Lawmakers In New York Move Closer To Impeaching Cuomo
STEVE INSKEEP, HOST:
So what will New York state lawmakers do next? Let's ask state assembly member Yuh-Line Niou, who represents Chinatown and other parts of Manhattan and New York City. Good morning.
YUH-LINE NIOU: Good morning. Thank you for having me.
INSKEEP: Can you lay out the process in the Legislature as you understand it? What happens first? What happens next?
NIOU: So first off, I think that, you know, right now there is a Judiciary Committee that is making the decision on dropping articles of impeachment, laying out what those articles of impeachment look like. We as Legislature have been able to - that's a new part of the process, I guess. And we as the Legislature have the ability to draw up the articles of impeachment, and then the Senate then has the ability to have a trial and a investigation. And then they have to prove their case, obviously. And then - and the minute that we have actually submitted the articles of impeachment, then, obviously, the governor is no longer...
INSKEEP: He goes. He's out.
NIOU: ...You know, endangering his staff, yeah.
INSKEEP: I see.
NIOU: The - while the lieutenant governor then takes over his position, unless, of course, the Senate then finds him not guilty.
INSKEEP: is there any doubt in your mind that lawmakers are going to go ahead and that you have the votes to go ahead?
NIOU: I believe that we have the votes to go ahead. I think that this report, you know, basically has really been very damning. It's very clear what happened here. A very powerful man used his power to sexually harass, grope and intimidate women who work for him. Another report had already shown that the governor lied to us and had basically given us, you know, inaccurate numbers based off of nursing home deaths. We have seen clear violation of his abuse of his own staff, dealing with his book deal. We have seen, you know, abuse after abuse after abuse.
INSKEEP: What did you make of the governor's video response in which he said, I just kind of talk to people a certain way, I kiss people on the cheek, I put my hands on people?
NIOU: I mean, Cuomo was gaslighting New Yorkers now the same way that he gaslit the women that he abused. It took 179 witnesses, as you said, and a statewide investigation by the attorney general, and in that report, it said that at least 40 witnesses, who swore under oath, under penalty of imprisonment for lying, that they witnessed conduct from Governor Cuomo that the attorney general said amounts to a pattern of criminal activity, clear violations of state and federal law. And the governor's response has essentially been, this is all rigged. I didn't do anything. Fake news.
New York deserves a lot better than that. And when voters are seeing behavior that was condemned when Donald Trump does it but ignored or minimized when Governor Cuomo does it, they're going to think that the system is rigged. And Governor Cuomo has made clear that he won't leave on his own, as you just said, and it's up to the Legislature to take the steps necessary to remove him.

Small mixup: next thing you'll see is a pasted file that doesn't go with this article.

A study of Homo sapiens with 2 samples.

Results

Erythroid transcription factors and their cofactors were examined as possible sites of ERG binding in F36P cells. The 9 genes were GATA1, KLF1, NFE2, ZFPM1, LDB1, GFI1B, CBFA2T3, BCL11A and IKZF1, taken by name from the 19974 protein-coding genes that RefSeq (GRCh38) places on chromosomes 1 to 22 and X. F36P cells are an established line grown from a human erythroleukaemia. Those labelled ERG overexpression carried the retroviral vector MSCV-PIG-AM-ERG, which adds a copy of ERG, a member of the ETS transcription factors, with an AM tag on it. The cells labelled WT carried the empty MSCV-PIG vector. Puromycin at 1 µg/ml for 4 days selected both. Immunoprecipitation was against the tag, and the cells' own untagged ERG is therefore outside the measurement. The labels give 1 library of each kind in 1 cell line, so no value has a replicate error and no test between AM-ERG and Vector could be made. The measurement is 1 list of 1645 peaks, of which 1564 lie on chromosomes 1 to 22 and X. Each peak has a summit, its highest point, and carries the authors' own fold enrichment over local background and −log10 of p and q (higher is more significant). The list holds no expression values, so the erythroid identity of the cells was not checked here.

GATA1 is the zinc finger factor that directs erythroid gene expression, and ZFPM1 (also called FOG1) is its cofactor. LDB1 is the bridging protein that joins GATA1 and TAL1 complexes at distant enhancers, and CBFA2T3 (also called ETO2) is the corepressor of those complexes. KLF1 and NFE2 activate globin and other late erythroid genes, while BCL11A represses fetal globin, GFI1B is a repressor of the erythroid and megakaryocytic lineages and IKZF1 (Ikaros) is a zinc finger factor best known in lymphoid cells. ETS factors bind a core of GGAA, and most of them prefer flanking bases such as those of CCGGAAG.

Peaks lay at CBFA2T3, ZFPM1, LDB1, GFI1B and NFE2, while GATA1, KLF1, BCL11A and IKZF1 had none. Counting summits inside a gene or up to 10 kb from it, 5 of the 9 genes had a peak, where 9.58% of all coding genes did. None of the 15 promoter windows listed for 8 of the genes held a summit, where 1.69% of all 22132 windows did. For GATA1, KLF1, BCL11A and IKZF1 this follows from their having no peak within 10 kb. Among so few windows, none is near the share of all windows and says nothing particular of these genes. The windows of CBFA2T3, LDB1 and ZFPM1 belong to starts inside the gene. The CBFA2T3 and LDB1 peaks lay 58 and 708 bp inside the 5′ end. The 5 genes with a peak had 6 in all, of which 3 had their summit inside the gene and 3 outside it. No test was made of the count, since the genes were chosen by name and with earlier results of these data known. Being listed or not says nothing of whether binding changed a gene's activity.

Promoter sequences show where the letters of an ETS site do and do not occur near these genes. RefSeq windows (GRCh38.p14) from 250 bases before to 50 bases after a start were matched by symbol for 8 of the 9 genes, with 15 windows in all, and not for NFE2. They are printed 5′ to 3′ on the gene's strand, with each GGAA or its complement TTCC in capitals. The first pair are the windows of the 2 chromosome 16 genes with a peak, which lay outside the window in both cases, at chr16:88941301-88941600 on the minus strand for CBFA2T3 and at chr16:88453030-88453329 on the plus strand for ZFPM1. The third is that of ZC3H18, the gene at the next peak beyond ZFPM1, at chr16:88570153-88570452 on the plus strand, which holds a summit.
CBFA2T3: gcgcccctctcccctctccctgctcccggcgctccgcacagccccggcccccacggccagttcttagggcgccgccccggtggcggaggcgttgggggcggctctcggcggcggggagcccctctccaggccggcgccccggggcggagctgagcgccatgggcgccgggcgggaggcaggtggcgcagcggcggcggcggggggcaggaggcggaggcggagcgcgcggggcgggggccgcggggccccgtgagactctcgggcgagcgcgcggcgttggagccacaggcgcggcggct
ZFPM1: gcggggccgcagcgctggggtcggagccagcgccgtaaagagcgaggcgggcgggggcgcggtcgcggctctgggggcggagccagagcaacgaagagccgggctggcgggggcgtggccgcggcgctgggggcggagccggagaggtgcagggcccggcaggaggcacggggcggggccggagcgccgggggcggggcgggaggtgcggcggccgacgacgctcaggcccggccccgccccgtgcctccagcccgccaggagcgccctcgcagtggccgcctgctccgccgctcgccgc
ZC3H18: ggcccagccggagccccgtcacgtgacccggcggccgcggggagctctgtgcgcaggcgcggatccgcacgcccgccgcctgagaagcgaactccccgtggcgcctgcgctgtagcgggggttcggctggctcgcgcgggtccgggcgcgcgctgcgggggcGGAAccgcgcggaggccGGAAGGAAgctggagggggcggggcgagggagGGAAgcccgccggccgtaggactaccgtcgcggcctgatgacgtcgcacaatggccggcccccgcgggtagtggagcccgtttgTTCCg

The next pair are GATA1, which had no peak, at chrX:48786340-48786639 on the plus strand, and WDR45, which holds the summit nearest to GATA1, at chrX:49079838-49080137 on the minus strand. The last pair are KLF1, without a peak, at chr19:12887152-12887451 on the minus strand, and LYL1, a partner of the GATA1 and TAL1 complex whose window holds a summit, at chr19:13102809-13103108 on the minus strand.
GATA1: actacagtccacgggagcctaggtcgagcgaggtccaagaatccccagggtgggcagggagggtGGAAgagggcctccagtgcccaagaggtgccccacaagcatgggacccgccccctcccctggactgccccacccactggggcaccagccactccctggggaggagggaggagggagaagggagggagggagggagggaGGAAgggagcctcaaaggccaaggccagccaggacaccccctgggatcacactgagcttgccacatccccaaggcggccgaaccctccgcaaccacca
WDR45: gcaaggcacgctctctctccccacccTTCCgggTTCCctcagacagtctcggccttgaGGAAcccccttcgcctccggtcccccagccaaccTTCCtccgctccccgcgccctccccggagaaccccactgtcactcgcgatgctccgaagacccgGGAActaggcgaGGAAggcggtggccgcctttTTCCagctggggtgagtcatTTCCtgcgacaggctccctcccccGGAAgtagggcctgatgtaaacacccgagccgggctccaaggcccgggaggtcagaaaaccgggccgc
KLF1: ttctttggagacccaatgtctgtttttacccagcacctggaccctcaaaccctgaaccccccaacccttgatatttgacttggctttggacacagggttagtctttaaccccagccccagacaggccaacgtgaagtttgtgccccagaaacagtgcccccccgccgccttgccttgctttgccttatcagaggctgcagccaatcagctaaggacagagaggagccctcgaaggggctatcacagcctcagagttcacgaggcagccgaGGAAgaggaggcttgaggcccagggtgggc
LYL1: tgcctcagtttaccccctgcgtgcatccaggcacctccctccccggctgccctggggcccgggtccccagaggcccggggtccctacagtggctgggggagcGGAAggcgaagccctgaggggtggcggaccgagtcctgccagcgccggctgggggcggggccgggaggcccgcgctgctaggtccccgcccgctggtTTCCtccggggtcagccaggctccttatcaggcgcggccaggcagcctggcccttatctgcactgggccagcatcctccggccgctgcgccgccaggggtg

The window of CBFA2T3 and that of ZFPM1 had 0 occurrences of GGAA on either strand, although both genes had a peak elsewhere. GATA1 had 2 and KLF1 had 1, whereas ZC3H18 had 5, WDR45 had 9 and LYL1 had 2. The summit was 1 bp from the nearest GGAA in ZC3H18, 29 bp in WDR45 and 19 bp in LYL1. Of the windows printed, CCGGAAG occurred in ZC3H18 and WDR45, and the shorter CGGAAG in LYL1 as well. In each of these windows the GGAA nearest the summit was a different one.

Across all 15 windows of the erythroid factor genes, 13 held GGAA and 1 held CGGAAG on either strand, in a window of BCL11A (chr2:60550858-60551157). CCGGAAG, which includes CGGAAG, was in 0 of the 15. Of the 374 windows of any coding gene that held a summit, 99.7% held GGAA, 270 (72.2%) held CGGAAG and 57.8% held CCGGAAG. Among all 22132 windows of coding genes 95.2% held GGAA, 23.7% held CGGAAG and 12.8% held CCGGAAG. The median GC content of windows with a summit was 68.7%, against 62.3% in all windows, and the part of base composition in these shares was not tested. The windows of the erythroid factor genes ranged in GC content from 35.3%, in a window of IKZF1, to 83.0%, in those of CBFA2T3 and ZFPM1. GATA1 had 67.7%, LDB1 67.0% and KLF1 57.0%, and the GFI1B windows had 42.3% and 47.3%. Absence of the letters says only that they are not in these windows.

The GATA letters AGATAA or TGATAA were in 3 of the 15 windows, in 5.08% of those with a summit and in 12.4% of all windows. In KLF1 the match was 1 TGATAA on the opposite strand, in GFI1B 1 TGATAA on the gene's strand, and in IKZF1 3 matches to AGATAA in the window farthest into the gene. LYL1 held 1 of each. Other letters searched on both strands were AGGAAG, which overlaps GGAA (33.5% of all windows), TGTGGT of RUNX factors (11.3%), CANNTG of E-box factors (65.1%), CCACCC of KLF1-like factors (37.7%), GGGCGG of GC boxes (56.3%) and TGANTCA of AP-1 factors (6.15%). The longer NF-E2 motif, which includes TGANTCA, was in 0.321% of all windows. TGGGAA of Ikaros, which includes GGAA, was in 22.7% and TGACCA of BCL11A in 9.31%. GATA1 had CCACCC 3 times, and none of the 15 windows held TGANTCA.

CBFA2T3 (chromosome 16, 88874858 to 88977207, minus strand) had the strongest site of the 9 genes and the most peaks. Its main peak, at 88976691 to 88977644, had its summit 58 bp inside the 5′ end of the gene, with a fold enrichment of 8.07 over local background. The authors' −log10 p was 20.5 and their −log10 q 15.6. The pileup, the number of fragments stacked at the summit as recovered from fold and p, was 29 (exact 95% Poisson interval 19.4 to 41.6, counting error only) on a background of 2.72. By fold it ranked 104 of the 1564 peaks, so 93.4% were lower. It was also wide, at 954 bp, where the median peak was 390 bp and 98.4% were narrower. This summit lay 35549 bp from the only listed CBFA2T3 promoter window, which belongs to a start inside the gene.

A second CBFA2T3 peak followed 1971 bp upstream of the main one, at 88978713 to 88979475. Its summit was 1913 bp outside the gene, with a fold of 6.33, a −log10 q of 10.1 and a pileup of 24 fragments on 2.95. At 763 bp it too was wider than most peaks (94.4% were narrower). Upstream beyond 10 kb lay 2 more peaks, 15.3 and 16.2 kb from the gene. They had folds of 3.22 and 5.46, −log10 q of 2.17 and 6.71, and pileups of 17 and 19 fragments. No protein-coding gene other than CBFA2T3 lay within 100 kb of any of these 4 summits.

INSKEEP: Do you believe that he's going to stick with this position that he won't resign, that he's going to make you go through the process?
NIOU: I do believe that. That is in his nature. And I think that, you know, he had the opportunity after the report had come out to actually resign, but instead, during his press conference, he decided to play a slideshow to gaslight the rest of New York.
INSKEEP: I am sure that you are taking this position because of the principle involved, because of the accusers, because of the victims involved, but let me ask about the politics of this. Is it important for Democrats, in a very big and very important state, to manage this issue prior to the 2022 elections so that Cuomo is not around during that election?
NIOU: I think that it's important that we, like you were saying, hold folks accountable. This isn't a Democratic or Republican issue; it's an accountability issue. And I think that if we're holding, you know, folks accountable, this is how it looks like. And New Yorkers should be able to trust that their governor and their Legislature are working in their best interests. Right now we can't even - we have things on the table that are still important. We have folks who are becoming homeless as we speak. We have people who are starving as we speak because of this pandemic. And what Governor Cuomo has done is a clear abuse of power, not just in terms of sexually harassing at least 10 women who work for him but in his attempts to use the power of his office to punish and retaliate against people who spoke out. And remember that every day that we don't impeach is another day that his staffers are in danger.
INSKEEP: New York State Assembly member Yuh-Line Niou. Thanks so much.
NIOU: Thank you so much.
NPR transcripts are created on a rush deadline by an NPR contractor. This text may not be in its final form and may be updated or revised in the future. Accuracy and availability may vary. The authoritative record of NPR’s programming is the audio record.